What do fleas look like? If you've never seen one before, you'd be forgiven for asking that question, and even if you have, I bet you've never seen one in such detail as the photo shown below!
Dog fleas are tiny wingless parasites that feed on the blood of your dog however, they can also feed on humans!
This close up of a dog flea looks like something out of a horror movie; he's a scary little bloodsucker!
Just look at those hairy little legs. Who would have thought their legs would be hairy?
And what's that mouth all about?
This is what a dog flea looks like - yuk!
You certainly don't want them crawling through your Cocker Spaniel's coat, never mind using your sofa or your carpets as their playground!
So, what do fleas look like? Take a good look at this close up of one of these blood-sucking parasites...pretty scary, huh?
The above photo of a dog flea is magnified quite a lot so that you can see the detail.
In reality, adult dog fleas are really tiny. They're between 1 to 4 mm long and are black or dark brown, although after feeding on a dog's blood, they swell up and turn a darker reddish-brown.
You won't be able to see this as these parasites are really tiny. They can be seen by the naked eye, but you won't be able to see much detail, if at all.
The flea's body is compressed at each side, making it very thin and flat-looking.
If you look closely, you'll see hair-like bristles on the flea's body and legs. It's these bristles (and their flat, streamlined body shape) that help the dog flea to travel through your Cocker's coat so easily and quickly.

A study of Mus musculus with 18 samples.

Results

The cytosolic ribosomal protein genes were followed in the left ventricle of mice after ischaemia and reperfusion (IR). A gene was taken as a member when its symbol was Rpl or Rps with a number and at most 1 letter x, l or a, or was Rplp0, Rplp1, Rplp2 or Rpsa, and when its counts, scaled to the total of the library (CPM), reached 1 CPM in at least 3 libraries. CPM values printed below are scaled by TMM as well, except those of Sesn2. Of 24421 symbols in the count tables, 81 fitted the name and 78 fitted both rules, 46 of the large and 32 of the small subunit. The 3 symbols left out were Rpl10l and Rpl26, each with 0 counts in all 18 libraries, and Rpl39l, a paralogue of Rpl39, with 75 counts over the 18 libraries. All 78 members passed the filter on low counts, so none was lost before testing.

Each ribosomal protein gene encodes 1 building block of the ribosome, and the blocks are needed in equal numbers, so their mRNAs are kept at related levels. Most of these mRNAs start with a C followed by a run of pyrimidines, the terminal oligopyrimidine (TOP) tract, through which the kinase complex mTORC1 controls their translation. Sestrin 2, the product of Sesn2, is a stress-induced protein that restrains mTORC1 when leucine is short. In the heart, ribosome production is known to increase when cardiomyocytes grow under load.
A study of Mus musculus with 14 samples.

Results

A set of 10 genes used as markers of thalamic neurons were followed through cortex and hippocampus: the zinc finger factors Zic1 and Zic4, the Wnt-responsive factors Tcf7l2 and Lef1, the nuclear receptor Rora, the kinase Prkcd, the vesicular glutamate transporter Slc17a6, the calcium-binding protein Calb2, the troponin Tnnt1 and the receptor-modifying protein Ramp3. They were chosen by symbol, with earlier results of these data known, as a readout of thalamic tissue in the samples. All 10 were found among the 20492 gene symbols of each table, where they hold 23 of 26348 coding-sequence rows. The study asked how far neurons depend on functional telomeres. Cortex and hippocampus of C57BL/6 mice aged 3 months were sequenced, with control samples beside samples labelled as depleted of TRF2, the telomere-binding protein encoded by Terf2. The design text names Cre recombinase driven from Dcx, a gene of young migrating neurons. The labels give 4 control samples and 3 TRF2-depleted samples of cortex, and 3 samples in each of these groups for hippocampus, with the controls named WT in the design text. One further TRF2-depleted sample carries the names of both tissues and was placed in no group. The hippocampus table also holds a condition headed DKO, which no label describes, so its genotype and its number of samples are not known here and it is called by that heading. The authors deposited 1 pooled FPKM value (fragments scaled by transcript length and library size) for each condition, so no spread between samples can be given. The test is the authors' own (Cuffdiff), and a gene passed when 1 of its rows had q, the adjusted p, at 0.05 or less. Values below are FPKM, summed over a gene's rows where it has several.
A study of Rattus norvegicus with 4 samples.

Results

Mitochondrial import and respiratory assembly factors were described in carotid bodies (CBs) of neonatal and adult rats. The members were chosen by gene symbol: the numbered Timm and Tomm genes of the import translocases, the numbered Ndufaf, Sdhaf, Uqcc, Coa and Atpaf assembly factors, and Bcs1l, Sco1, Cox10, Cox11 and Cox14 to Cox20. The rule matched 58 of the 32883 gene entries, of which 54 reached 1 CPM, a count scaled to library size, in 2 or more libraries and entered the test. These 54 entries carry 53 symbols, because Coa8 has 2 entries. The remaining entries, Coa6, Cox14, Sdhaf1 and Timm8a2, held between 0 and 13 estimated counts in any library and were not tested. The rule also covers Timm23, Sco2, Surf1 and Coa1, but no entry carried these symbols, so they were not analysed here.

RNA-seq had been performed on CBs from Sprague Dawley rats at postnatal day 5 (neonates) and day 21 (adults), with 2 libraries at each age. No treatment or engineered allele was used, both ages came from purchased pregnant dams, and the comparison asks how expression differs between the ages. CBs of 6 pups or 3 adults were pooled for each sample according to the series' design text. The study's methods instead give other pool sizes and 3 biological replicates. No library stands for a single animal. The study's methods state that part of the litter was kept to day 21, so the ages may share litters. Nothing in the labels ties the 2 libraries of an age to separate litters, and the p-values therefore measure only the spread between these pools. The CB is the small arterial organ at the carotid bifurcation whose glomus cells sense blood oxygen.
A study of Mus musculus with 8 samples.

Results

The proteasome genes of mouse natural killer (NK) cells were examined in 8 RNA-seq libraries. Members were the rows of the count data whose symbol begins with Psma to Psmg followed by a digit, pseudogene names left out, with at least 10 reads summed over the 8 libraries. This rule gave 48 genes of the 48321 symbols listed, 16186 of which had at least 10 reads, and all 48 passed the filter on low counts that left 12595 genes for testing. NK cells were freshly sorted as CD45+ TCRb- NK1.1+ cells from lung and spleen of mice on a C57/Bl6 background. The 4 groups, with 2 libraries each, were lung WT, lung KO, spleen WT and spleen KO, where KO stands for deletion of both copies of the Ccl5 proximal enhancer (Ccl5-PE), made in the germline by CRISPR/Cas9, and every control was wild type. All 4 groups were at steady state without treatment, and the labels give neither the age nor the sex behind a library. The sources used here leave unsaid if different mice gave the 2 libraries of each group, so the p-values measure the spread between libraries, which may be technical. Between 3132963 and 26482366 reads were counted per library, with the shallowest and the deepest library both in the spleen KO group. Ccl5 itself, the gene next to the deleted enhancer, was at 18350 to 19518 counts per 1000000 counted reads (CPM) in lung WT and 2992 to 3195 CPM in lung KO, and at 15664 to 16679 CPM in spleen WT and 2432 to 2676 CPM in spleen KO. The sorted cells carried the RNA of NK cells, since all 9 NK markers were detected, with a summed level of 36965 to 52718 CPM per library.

Dog fleas have piercing, sucking mouth-parts with sword-shaped jaws that help break through the skin, allowing the flea to feed on a dog's blood.
Their saliva contains an anticoagulant enzyme that softens the host's skin (dog or human!) to allow the flea to penetrate the skin easily and begin to feed.
This enzyme can cause allergic reactions such as lumps, redness, and itching of the skin.
Usually, the first sign that your dog has fleas will be excessive, continuous scratching, biting his skin, and nibbling at his fur.
Dog fleas may be wingless insects, but their sturdy back legs are relatively large, which helps the flea to jump distances of up to 35 cm.
That's amazing, considering its size!
Fleas don't need your Cocker Spaniel to travel around your home all they need to do is jump to it!
They're fast and can sometimes jump too quickly for the human eye to follow, but if you do manage to catch one, their polished, shiny bodies can withstand great pressure making them hard to squash with your fingers, even if you are brave enough!
You can, however, usually break the shell-like body by squashing them between your thumbnails. Although getting the flea into position is not as easy as it sounds, it can be done. I know, as I've mastered this technique, although the occasional one may escape.
Don't forget to wash your hands with antibacterial hand-wash after handling any type of parasite.
I hope I've answered your question ("What do fleas look like?") and you are now able to identify a dog flea, should your Cocker Spaniel inadvertently bring home some of these unwelcome guests.
If you check your Cocker Spaniel as often as you have time and you use a suitable flea treatment to deter them from hitch-hiking a ride on your dog, you should be able to keep him clear of dog fleas all year round.
Just for the record, there's a distinct difference between a dog flea and a dog tick; they are two entirely different parasites. Follow the link if you'd like to learn about dog ticks and how to manage them.